How much will you bet me that that’s a triad you will never see again?

(5-minute read)

Image by Annie Spratt, courtesy of Pixabay. Forde Abbey, Somerset, UK.

Now, to explain. In re-reading and deeply savouring Mansfield Park, I keep coming across things that a lexicographer cannot just let pass.

(Incidentally, I think the only way to appreciate the subtlety and irony of Austen’s lengthy, semi-coloned periods is to read them aloud. However, that becomes exhausting in long doses. At which point an audiobook seems like a suitable option. But will it contain the whole text?)

First of all, this, as the opening sentence of Chapter 2:

The little girl [Fanny Price] performed her long journey in safety; and at Northampton was met by Mrs. Norris, who thus regaled in the credit of being foremost to welcome her, and in the importance of leading her in to the others, and recommending her to their kindness.

‘Ello, what’s this’, thought I, ‘regale as a transitive verb?’ Generally, you regale someone with something.

It turns out that according to the OED this intransitive verb use of regale is ‘rare’ yet ‘obsolete’. I don’t know if that is code for ‘only found once, in Jane Austen’.

Even more exciting was to discover that to regale is a loanword…from Spanish. At least, it is according to the third edition OED, which presents convincing evidence in support. Other dictionaries give a French origin.

In modern Spanish, the verb regalar is to give someone a gift and it’s ditransitive – it has an indirect and direct object, e.g me regalaron un reloj de oro, ‘they gave me a gold watch’.

Not only is ‘to regale’ a loanword; it was first used in early seventeenth-century translations of Spanish into English in which it was not actually translated. (As an aside, it’s easy to forget quite how much knowledge of European languages, and in particular Spanish, there was in England in Jacobethan times.)

I began to Regalar him, and to serue him; presenting him still with one thing or other, inlarging my hand like a Prince.

1622   J. Mabbe tr. M. Alemán Rogue ii. 170  

This is from a translation of Mateo Alemán’s picaresque novel Guzmán de Alfarache.

At the time, the Spanish could mean ‘to pamper’ and that is presumably how it is being used here.

It was only in 1642, again in a translation from Spanish, that the verb to regale was used in one of the meanings it still has today, which is, as the OED puts it: ‘To please or delight (a person, the mind, soul, etc.) with some agreeable activity or event; to entertain or amuse, now esp. with a story, speech, song, etc.)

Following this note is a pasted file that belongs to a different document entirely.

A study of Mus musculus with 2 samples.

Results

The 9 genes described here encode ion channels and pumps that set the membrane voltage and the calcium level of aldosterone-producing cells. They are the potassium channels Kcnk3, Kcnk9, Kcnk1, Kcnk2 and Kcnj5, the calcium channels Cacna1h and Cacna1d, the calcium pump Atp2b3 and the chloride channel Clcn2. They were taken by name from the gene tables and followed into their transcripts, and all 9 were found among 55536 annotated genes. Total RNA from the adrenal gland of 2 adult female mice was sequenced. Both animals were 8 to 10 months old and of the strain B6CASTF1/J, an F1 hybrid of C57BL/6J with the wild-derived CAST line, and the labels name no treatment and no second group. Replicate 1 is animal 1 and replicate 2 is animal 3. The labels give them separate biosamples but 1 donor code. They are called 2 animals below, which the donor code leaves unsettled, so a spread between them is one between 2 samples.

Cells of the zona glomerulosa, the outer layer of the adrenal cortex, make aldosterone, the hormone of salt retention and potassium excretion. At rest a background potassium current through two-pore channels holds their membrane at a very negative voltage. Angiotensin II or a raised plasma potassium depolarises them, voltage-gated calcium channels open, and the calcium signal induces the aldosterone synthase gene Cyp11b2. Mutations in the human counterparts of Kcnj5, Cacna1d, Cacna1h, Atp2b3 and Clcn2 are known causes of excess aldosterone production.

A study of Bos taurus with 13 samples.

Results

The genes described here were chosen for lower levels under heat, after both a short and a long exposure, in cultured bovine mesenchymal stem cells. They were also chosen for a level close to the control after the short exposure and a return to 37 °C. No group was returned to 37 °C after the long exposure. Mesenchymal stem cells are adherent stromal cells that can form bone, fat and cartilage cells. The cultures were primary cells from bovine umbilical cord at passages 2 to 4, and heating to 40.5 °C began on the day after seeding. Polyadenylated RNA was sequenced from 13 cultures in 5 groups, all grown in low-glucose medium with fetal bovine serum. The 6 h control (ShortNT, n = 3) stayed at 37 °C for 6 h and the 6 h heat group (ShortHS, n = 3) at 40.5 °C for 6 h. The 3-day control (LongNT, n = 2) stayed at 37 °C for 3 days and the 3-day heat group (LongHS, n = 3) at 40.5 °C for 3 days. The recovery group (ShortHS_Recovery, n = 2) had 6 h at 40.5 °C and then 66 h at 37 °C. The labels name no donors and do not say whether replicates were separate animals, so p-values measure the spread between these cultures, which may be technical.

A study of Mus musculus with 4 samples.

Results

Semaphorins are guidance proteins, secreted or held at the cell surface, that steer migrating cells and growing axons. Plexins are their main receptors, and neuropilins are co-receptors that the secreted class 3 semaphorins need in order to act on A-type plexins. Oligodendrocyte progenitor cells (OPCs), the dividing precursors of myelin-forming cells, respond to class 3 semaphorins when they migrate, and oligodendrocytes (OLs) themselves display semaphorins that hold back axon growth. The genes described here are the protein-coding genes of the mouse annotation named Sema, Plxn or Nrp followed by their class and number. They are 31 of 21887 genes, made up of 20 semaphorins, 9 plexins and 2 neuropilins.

This time the author being translated is St Teresa of Avila as she addresses God:

O how good a friend, dost thou make thy self, to thy friend, O my Lord; and how dost thou goe enduring him, and regaling [Sp. regalando] him?

T. Matthew tr. St. Teresa of Avila Flaming Hart viii. 90  

To regale has had other meanings over time, which the OED labels obsolete. The only other two that survive today in any strength are, first, ‘to furnish lavishly with food and drink’. This is first recorded in an early English monolingual dictionary, Blount’s Glossographia of 1656. Evelyn Waugh used it in this rather elegant phrase – about wine, presumably:

We were regaled with bottles, some of dignified age, some in turbulent youth.

1965   E. Waugh Ess. Articles & Rev. (1986) 634  

The other meaning that survives is the reflexive, ‘to treat oneself to something’. First recorded by Aphra Behn:

In this hot part o’th year, he goes to Regale himself with his She Slaves.

1682   A. BEHN False Count III. i. 28  

a more recent quotation refers to Dickens ‘regaling himself’ with what seems to modern tastes extremely corseted self-indulgence:

Occasionally he regaled himself with a culinary treat, like coffee and bread and butter in a coffee room.

1988   F. Kaplan Dickens ii. 42  

At the top I mentioned parts of speech, so here’s the next Austenian surprise. Out of context, it is hard to appreciate how much of a further character assassination of the loathsome, hypocritical, ridiculous Mrs Norris the following is. Suffice it to say, she is cheated of her histrionics:

The earliest intelligence of the travellers’ safe arrival at Antigua, after a favourable voyage, was received; though not before Mrs. Norris had been indulging in very dreadful fears, and trying to make Edmund participate them whenever she could get him alone; and as she depended on being the first person made acquainted with any fatal catastrophe, she had already arranged the manner of breaking it to all the others, when Sir Thomas’s assurances of their both being alive and well made it necessary to lay by her agitation and affectionate preparatory speeches for a while.

To make Edmund ‘participate them’? Participate as a transitive verb? Yessir. That sense the OED labels obsolete and defines as ‘To take or have a part or share of or in; to share in; to possess or enjoy in common with another or others.’

And it appears in the very same year and work in which the intransitive first appeared, Sir Thomas Elyot’s Renaissance masterpiece The boke of the Governour, in a phrase that encapsulates an essence of contemporary belief:

The one [sc. the soul] we participate with goddes, the other [sc. the body] with bestes.

1531   T. Elyot Gouernour iii. xxiii. sig. gvv  

And the moral of this story is: nothing in language is fixed. As de Saussure wrote:

Le temps change tout; il n’y a aucune raison pour que la langue échappe à cette loi universelle.

Time changes all; there is no reason why language should escape this universal law.